FBHA Expects Many Floridians to Deal With Mental Health Issues After Hurricane Ian

As Hurricane Ian travels out of the state, millions of Floridians are struggling with no power, no water, no food and possibly with no homes or neighborhoods to return to.

According to the Florida Behavioral Health Association (FBHA), scores of Floridians will also be struggling with emotional effects of having to deal with such an overwhelming and catastrophic incident.

“While many Floridians will soon be focused on cleaning up in the aftermath of Hurricane Ian – clearing fallen trees, repairing power lines and rebuilding homes – some residents will be silently trying to deal with the mental health issues that tend to follow natural disasters,” said Melanie Brown-Woofter, the president and CEO of the Florida Behavioral Health Association. “It has been documented that hurricanes can open the floodgates for anxiety, stress, fear, PTSD triggers and other mental health issues. We know that local mental health providers are still working with families in the Panhandle who were impacted by Hurricane Michael in 2018.”

In November 2020, a study conducted by the University of Delaware examined the impact of 281 natural disasters on suicide rates during a 12-year span. It found that overall suicide rates increased by 23 percent when compared to rates before a natural disaster. After Hurricane Katrina struck in 2005, nearly half of the survivors suffered from some form of mental distress, according to a 2012 study in the American Journal of Orthopsychiatry.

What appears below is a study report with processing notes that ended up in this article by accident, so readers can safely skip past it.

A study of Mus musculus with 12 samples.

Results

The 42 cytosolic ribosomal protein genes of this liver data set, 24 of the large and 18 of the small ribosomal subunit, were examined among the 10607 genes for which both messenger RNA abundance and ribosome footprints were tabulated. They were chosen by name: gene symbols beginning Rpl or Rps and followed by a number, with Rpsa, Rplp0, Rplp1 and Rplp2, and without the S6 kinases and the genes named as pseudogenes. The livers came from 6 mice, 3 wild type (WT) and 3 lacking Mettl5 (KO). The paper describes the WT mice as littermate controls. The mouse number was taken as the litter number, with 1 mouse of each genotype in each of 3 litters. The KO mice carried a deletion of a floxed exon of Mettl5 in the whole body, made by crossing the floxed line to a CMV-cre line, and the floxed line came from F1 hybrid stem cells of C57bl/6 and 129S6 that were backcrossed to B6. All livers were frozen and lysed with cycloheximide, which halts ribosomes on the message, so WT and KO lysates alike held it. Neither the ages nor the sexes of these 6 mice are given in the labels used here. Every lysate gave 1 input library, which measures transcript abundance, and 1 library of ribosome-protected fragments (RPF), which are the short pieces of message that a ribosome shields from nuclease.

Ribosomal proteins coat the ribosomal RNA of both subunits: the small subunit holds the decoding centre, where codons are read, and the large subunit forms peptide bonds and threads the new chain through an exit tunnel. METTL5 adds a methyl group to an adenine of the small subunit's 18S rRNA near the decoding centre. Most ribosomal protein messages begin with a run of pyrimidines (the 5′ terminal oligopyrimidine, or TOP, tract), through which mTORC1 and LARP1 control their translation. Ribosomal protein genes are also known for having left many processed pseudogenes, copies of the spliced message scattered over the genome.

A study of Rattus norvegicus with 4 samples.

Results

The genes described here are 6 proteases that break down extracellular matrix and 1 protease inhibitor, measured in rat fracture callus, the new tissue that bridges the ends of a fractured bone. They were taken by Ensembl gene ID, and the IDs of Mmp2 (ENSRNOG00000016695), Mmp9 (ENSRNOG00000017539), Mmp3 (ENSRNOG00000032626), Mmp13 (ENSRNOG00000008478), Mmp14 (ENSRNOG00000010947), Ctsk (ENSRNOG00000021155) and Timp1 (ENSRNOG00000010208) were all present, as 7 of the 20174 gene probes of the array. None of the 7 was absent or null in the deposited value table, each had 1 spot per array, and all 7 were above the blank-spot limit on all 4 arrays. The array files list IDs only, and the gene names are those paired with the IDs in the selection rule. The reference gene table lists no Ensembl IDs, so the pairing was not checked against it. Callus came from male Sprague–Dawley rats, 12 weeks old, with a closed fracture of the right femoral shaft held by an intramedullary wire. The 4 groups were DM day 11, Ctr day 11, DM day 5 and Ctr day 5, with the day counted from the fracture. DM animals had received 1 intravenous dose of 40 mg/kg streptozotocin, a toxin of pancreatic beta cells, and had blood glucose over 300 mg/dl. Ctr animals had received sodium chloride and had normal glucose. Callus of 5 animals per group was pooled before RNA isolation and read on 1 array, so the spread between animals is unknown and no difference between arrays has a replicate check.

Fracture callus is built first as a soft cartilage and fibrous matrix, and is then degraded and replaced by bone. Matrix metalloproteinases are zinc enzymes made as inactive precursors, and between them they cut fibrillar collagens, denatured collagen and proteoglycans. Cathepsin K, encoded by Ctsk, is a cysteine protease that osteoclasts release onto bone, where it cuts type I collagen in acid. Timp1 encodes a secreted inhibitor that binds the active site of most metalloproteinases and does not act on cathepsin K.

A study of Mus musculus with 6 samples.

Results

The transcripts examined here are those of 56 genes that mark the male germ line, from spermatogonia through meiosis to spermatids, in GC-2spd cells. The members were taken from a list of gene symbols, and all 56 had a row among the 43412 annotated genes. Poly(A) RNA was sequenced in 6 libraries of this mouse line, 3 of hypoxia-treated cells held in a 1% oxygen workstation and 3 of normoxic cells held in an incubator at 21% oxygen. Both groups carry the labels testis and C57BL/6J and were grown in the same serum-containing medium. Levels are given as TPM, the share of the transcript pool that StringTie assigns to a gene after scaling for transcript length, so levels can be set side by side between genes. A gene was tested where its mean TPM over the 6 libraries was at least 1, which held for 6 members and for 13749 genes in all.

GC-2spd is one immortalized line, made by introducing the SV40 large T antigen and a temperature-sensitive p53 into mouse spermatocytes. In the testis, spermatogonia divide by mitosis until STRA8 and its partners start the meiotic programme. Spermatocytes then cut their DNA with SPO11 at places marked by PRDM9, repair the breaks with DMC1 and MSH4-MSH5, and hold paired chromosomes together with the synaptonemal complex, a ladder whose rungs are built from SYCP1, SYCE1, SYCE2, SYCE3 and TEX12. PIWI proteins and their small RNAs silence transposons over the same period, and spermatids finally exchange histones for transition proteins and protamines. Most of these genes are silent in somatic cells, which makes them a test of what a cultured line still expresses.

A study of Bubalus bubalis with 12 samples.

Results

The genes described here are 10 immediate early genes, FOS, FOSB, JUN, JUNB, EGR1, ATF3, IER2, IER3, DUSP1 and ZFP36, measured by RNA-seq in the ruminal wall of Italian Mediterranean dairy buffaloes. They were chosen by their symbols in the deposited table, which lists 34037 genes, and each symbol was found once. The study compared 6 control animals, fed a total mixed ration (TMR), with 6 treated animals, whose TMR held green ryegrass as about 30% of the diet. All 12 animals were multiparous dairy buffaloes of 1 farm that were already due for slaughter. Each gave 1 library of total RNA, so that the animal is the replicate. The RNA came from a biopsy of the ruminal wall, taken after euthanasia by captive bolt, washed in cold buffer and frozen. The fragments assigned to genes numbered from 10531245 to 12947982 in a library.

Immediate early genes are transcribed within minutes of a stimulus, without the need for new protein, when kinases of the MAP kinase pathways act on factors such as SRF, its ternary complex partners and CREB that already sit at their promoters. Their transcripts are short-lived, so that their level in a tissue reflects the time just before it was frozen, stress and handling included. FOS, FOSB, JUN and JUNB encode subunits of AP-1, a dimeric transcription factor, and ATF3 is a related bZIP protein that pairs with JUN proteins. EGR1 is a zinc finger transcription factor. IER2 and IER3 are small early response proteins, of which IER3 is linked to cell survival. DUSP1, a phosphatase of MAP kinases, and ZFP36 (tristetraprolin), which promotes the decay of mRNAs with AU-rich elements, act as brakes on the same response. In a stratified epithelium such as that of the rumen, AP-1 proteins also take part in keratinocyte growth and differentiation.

“I encourage all residents, especially those people who struggle with PTSD and anxiety, to take advantage of the resources and helplines provided by the Florida Behavioral Health Association to help them process the trauma and recover,” added Brown-Woofter. “It may take weeks, months or even years to grasp the severity of what has happened. Now is the time to seek help.”

The FBHA is a statewide trade association that represents over 70 community mental health and substance use treatment providers throughout the state. FBHA’s members span from Pensacola all the way down to Key West, treat over 545,000 individuals each year, and provide services in every county in Florida. The community providers who make up the FBHA membership predominantly serve the uninsured, underinsured, and Medicaid eligible individuals.

The American Psychological Association encourages Floridians who are struggling after a disaster to:

Take a news break
Acknowledge your feelings and seek professional help
Allow yourself to mourn the losses you have experienced
Find productive ways to help your friends, family and neighbors
Establish or reestablish routines

There are many additional resources Floridians can take advantage of if they need assistance.

The Centers for Disease Control offers tips for self-care following a traumatic event. The Substance Abuse and Mental Health Services Administration’s disaster distress helpline is 1-800-985-5990.

The state of Florida emergency information line is 1-800-342-3557. And, for the most up-to-date information and for resources related to Hurricane Ian, Floridians can visit the Florida Division of Emergency Management’s website at www.floridadisaster.org.